Proving the Injury
By: Ali R. Baghdadi, Esq.
May 7, 2020
The Michigan Workers’ Compensation Act applies toanyone who is injured within the course and scope of their employment. To qualify for benefits, the injury must have happened while the employee was doing work for the employer;the location is less relevant. Most injuries that occur on the job are covered by workers’ compensation insurance, including accidents and illnesses caused by exposure to work activities, materials, and equipment.
In general, workers' compensation must accept claims for employee injuries or illnesses that arise out of, and in the scope of employment, no matter where the injury occurs. As soon as an employee suffers an occupational injury that is covered by workers’ comp insurance, time is of the essence. The employee has a limited number of days to report the incident and collect benefits.
If an at-home employee suffers an injury such as a slip and fall while performing a work-related activity, he or she has every right to file a claim. Employees working from home face obstacles in proving their injury was work-related. For instance, they must prove when and how the injury occurred. Injury in the work place is much easier to prove, as there will likely be security camera footage, and/or co-workers that are witnesses to the incident. This makes the claim much easier to prove that an injury did occur.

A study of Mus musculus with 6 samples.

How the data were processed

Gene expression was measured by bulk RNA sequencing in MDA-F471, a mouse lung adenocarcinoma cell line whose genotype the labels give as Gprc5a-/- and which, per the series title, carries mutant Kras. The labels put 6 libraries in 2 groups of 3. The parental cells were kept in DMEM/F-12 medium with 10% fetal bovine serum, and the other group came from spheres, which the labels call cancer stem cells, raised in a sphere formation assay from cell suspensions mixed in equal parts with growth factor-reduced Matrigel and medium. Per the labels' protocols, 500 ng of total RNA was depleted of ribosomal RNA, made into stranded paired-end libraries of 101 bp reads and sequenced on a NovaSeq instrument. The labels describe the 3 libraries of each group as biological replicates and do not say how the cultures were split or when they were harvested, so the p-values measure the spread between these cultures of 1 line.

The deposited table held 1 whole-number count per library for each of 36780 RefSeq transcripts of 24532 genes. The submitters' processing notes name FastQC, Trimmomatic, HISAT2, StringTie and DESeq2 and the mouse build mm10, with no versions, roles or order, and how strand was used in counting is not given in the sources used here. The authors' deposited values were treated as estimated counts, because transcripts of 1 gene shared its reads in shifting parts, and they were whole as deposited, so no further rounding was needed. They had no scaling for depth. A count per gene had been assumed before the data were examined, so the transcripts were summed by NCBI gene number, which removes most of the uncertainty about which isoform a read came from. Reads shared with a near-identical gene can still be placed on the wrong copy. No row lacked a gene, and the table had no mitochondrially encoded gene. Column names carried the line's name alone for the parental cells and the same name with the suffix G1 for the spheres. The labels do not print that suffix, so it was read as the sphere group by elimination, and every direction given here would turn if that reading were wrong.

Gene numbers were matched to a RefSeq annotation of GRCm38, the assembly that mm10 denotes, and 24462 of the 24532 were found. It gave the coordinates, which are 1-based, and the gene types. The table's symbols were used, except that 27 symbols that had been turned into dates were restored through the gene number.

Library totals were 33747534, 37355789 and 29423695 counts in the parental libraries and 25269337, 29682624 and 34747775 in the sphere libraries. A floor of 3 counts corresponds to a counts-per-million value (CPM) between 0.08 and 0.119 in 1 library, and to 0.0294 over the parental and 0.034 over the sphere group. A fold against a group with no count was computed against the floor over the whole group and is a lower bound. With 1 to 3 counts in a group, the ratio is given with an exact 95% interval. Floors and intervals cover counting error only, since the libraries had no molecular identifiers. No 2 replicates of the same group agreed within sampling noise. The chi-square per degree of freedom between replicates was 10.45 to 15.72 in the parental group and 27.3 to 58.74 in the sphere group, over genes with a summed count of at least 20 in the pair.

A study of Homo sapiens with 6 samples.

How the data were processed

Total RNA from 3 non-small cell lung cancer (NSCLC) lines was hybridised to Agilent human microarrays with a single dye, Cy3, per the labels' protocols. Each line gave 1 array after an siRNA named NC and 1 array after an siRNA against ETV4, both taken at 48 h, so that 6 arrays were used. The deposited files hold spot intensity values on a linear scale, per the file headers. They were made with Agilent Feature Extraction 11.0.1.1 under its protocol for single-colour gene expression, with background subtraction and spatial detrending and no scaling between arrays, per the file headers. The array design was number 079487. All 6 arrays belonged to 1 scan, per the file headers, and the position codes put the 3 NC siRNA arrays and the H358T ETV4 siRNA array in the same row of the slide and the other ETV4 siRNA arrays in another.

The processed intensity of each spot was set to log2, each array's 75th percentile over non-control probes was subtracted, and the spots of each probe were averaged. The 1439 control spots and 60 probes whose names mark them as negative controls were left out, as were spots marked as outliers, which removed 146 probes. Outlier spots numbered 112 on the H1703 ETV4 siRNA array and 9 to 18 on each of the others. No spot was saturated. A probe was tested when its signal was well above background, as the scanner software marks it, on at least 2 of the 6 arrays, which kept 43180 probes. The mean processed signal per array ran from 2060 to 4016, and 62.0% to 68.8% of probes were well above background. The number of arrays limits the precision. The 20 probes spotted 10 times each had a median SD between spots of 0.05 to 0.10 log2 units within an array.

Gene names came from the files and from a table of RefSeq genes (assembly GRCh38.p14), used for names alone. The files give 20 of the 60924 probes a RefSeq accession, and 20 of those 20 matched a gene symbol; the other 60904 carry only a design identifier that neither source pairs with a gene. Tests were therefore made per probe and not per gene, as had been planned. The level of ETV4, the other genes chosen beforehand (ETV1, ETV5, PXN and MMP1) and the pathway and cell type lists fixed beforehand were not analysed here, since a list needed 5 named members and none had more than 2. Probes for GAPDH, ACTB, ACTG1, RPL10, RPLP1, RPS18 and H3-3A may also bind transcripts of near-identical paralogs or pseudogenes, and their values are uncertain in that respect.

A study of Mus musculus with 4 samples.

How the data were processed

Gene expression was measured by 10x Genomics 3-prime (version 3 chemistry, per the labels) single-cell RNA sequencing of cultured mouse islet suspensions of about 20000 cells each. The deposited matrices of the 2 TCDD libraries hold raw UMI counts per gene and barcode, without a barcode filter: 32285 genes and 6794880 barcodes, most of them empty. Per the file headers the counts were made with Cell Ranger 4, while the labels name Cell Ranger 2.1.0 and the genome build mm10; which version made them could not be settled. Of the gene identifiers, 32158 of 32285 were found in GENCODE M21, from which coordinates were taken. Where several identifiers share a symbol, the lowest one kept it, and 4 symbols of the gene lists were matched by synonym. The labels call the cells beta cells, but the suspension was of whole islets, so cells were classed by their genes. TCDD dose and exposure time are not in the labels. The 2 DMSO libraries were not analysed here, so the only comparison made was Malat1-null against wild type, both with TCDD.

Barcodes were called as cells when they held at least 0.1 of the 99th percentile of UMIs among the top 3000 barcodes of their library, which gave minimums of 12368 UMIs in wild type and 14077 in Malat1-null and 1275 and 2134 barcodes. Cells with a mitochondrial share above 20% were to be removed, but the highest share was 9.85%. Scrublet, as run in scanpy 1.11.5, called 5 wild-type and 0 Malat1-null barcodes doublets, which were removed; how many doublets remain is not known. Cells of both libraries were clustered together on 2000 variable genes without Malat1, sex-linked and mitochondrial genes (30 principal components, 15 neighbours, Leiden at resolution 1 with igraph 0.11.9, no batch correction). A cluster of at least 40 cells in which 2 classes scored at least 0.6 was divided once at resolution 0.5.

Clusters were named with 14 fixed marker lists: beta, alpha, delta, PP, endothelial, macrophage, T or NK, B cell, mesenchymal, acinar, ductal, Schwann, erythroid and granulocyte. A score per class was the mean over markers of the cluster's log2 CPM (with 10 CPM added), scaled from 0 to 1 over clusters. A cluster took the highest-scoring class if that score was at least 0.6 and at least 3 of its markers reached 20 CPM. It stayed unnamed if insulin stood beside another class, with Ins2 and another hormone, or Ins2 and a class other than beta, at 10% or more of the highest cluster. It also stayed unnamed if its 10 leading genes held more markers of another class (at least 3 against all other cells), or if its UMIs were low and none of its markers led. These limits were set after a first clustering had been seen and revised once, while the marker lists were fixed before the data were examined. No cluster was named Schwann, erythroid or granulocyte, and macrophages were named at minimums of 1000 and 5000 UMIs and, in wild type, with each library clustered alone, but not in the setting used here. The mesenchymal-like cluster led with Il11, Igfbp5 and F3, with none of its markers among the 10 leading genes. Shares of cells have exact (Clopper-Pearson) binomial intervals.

It is common for employers to push back and refuse to pay any benefits. Employers will likely argue that because they do not have control over the work-at-home environment, they should not be liable to pay any worker’s compensation benefits. For example, an employer can provide safe workstations to help prevent injuries. Unfortunately, employers have no way of knowing the working conditions of someone working remotely.
In the best-case scenario, your workers' compensation claim will be processed in a prompt manner and you will receive all of the proper compensation for your injury.